Volvo's contribution to the self-driving future:
Swedish car producer Volvo is known for two things: technology and safety. Volvo invented the three-point safety belt and the pedestrian airbag. Its last generation XC90 SUV only caused one lethal accident in Sweden between 2009 and 2012 in Sweden. And none in the U.S. Being perceived as tech smart and safe are two highly attractive qualities when striving to become the main self-driving salesman.
And yes, in the field of autonomous driving Volvo is at the top of their game. Under the motto ‘Nobody should be killed or seriously injured in a new Volvo by 2020’ it plans to release the first Volvo self-driving car.’ The Swedish company is improving customer experience and getting politically involved. Its IntelliSafe Autopilot does an amazing job combining Volvo’s semi-driverless technologies and project DriveMe will revolutionize the self-driving industry, becoming “the first large scale-long term consumer test”.
The last decade Volvo has successfully integrated Adaptive cruise control, a Park Assist Pilot, Driver Alert Control, Pedestrian and Cyclist detection with auto brake, a Blind Spot Information System and an Auto intersection brake. Some of these were brought to the market by Volvo as a first and were later combined as the IntelliSafe Autopilot. As semi-autonomous driving goes, it one of the most reliable systems out there. First version were implemented in the XC90, which there operated only up to 30 mph, and later in the S90, capable of operating at up to 80 mph.
Volvo’s counts a great deal on acquired hardware. The IntelliSafe system is based on a forward-looking radar laser from Delphi with a 500 foot range and the newest Mobileye 5-series 360-degree view camera. On top of that there are 12 ultrasonic sensors to detect close range objects. An Nvidia Drive PX2 covers the deep learning process and maps are delivered by and to Volvo’s personal cloud system and high-performance GPS. And a new partnership with TomTom will make sure Volvo gets their digital NDS Maps that deliver incremental real-time map updates.
Concept 26 shows what Volvo expects customer needs to be in the driverless era. There are three modes and they are all about freedom: ‘Drive’ - when the driver is fully engaged in the act of driving, ‘Create’ – when the seat moves away from the wheel, giving the driver space to make a call, write an email or watch a movie and ‘Relax’ – when the seat reclines and the driver can simply enjoy the journey.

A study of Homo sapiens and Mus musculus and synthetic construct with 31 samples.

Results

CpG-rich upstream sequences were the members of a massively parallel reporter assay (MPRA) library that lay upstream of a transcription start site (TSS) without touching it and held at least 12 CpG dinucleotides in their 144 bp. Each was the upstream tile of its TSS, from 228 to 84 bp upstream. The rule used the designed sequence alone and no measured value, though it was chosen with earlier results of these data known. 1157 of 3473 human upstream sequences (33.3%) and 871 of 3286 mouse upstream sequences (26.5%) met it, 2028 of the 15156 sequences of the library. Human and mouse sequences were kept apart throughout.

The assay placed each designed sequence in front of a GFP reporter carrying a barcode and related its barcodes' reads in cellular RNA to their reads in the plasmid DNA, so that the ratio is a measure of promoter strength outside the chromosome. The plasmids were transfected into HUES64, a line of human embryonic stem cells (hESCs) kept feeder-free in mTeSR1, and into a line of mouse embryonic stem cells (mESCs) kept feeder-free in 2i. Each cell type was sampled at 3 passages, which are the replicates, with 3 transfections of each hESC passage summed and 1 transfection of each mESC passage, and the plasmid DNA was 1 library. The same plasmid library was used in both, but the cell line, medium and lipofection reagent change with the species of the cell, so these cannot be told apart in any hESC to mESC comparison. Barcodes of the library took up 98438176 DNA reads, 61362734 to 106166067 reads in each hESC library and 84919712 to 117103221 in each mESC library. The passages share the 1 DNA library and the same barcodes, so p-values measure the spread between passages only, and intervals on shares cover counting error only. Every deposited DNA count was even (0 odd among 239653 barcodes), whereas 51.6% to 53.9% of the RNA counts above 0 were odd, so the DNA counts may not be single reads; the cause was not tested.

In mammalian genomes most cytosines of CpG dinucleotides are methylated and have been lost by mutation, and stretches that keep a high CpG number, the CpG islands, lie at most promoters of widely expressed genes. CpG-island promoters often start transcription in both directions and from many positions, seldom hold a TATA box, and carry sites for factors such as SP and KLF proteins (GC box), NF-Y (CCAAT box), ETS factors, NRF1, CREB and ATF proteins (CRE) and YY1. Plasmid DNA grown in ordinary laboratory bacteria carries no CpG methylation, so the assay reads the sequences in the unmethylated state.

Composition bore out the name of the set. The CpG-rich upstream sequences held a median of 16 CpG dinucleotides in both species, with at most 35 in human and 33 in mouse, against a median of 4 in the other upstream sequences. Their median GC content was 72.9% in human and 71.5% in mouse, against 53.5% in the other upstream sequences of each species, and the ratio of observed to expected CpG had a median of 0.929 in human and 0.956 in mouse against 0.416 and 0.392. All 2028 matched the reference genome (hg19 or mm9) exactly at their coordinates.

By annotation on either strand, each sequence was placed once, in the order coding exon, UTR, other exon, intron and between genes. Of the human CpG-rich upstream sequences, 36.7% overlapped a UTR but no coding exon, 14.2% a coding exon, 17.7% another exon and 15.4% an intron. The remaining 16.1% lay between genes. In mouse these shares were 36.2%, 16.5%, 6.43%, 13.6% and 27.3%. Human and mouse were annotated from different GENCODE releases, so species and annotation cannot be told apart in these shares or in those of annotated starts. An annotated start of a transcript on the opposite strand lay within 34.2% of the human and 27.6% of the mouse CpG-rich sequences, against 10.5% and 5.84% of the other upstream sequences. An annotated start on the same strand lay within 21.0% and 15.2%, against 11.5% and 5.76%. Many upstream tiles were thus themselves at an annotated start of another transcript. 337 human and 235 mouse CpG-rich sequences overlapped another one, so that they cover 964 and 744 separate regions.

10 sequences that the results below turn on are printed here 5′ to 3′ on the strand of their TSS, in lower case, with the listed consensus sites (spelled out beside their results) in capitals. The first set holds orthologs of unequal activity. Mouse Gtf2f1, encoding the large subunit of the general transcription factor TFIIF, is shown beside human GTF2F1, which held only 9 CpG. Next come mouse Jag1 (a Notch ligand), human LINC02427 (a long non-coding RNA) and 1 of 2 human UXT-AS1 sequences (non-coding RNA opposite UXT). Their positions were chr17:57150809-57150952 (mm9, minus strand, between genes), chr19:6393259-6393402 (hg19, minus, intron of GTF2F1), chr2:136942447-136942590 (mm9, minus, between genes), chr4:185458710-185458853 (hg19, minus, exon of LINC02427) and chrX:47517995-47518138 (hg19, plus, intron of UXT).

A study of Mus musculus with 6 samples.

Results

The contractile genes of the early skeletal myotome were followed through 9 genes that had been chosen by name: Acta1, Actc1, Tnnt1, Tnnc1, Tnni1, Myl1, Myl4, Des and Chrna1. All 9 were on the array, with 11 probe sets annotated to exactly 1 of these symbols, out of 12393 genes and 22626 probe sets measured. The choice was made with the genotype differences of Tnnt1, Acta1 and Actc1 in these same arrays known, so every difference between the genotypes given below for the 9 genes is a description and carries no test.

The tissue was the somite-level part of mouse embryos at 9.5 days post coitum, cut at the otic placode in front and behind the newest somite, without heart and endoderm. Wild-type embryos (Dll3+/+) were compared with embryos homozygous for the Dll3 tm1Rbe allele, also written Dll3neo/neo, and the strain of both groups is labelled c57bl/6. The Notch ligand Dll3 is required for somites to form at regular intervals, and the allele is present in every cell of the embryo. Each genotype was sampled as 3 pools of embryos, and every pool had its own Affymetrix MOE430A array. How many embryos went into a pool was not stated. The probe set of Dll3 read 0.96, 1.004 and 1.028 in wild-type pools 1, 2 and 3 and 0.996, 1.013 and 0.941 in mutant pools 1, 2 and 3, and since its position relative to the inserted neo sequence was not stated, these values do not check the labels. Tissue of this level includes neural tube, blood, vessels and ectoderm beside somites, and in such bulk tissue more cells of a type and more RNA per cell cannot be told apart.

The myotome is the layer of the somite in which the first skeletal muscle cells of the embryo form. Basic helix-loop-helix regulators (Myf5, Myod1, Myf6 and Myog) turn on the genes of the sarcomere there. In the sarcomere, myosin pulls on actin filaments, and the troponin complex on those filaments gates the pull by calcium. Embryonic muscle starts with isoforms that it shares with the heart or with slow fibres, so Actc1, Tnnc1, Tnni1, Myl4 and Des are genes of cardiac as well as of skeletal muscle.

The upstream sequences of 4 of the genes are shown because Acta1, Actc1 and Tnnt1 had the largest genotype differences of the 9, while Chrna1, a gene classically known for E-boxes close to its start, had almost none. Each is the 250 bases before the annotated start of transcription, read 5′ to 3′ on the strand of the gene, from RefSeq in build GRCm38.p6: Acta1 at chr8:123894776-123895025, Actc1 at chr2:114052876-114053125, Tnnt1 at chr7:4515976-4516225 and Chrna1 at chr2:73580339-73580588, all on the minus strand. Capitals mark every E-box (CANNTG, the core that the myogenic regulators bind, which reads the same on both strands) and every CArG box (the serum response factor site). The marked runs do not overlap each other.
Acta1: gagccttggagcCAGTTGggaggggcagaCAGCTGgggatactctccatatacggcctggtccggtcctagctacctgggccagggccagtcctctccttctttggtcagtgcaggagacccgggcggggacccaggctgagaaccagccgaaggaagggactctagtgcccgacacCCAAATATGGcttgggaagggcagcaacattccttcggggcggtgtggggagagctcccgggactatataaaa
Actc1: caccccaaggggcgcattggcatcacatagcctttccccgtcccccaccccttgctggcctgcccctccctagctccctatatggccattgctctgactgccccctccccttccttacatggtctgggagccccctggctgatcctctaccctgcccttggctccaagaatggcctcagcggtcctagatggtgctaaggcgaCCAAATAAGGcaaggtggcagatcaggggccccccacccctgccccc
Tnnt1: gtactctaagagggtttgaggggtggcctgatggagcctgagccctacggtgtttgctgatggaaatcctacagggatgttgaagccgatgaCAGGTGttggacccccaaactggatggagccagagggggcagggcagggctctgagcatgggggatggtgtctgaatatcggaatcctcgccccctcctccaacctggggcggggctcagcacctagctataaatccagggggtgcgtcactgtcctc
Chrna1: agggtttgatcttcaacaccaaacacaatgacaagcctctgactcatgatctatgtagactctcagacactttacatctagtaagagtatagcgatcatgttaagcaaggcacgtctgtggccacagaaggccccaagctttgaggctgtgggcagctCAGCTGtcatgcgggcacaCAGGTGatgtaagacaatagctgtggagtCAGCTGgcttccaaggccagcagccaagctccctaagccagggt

This means that, in comparison to for example Google, Volvo still foresees the ability of a person driving a car in the future. Even with a fully autonomous possibility, Volvo builds in the option to take the wheel. Other car manufacturers like for example Ford, do not believe this option assures driver safety 100%. This also means there is no place for self-driving taxi fleets in the future, because Volvo obviously believes car ownership will stick. A car is an extension of yourself, different travel go with different needs…
The first company to bring level 4 autonomous driving to the consumer is Volvo. Project Drive Me will be launched in 2017, when a select amount of citizens in Gothemburg, Sweden will get to ‘test’ an XC90 equipped with the latest version of IntelliSafe. Level 4 means that no attention to the road is needed. The only action expected of a driver is putting in the destination address and the car will take care of the rest, regardless the traffic situation. This is a noticeable difference with for example Tesla’s Autopilot, which requires constant driver awareness. Phase 1: A hundred cars will be divided in Gothemburg in 2017. Phase 2 will move project Drive Me to the UK, where again one hundred cars will be tested in London, hopefully in the same year. A third testing phase will take place in China, with the place and date still on hold.
With project Drive Me, Volvo is taking a giant leap in the unknown. Level 4 autonomous driving will no longer be a concept, but will bring the technology and its benefits to the real world. To real people. With this project Volvo is looking to answers questions like ‘How can you deal with the unpredictability of other road users? Or: ‘Is the technology ready to be put in the hands of the consumer?’ And: ‘Are consumers ready for a Volvo self-driving car?’
Coalition for Safer Streets
Lucky for the test subjects Volvo already stated in 2015 that it takes full responsibility for any accident their driverless cars may cause. Sweden has one of the most adaptive and liberal governments in the world, which makes it easy to make/change autonomous car laws, but this decision was initially made to speed up regulations in the United States.
In the US laws relating to autonomous driving are state-specific. This means that for example automated vehicles without steering wheels, pedals or other ways for a person to take control of a car are illegal in some states. This absence of one set of rules means car makers cannot conduct credible tests to develop cars that meet all the different guidelines. Therefor Volvo teamed up with Ford, Google, Uber and Lyft as the Coalition for Safer Streets to put pressure on U.S. regulators to unanimously come to a solution.